Heading south from the Alps takes you to Sacra di San Michele. This ancient religious complex is situated on a rocky spur as the Alps give way to the flat plain of the river Po. Dedicated to the Archangel Michael, it shares its vertiginous positioning with other sites dedicated to Michael such as Mont Saint-Michel in Brittany and Saint Michael’s Mount in Cornwall.
According to legend it was founded in the second half of the 10th century by a hermit. Other monks joined the founder and so the monastery grew. Over the years it became a stopping place for pilgrims following the pilgrimage route of the Via Francigena and was taken over by the Benedictines. It was suppressed by the Pope in 1622 and remained abandoned until 1835. Today it has been restored and is currently maintained by a Catholic organisation called the Rosiminians.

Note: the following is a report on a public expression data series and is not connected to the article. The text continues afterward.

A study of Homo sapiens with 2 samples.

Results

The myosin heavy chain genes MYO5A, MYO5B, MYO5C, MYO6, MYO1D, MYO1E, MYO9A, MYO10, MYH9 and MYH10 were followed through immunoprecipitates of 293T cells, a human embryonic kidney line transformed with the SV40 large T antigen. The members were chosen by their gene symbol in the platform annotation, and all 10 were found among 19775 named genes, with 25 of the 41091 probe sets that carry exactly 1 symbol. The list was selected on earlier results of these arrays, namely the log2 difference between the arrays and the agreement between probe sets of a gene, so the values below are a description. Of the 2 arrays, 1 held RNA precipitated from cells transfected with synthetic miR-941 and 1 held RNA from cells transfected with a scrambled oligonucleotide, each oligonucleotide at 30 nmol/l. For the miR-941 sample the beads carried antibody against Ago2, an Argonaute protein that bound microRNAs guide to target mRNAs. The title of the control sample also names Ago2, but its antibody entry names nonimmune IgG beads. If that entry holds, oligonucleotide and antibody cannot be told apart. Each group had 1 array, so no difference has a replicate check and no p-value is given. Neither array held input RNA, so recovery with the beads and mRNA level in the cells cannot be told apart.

Main access is via the Scalone dei Morti, or the Great Staircase of the Dead, so called because of the bodies of dead monks that used to be left on display in niches on its sides. At the top the 12th century Porta del Zodiaco is a beautiful example of the sculpture of the time, the subject being taken from a poem called Phenomena by the pre-Christian Greek poet, Aratus. I am not sure how that fits with the religious nature of the building but an argument can be made that it signifies leaving the material world to enter the celestial realm in much the same way as Dante describes his entry to Paradise rising through the celestial spheres to enter Empyrean.
The whole complex is built from dark volcanic rock and the dour Romanesque architectural style adds to the feeling of gloomy austerity but this is contrasted by the simply glorious views. It is said that this was the inspiration for the abbey in Umberto Eco’s famous novel The Name of the Rose – this is definitely not to be missed.
Visit the website at www.sacradisanmichele.com to see all the guided tours on offer.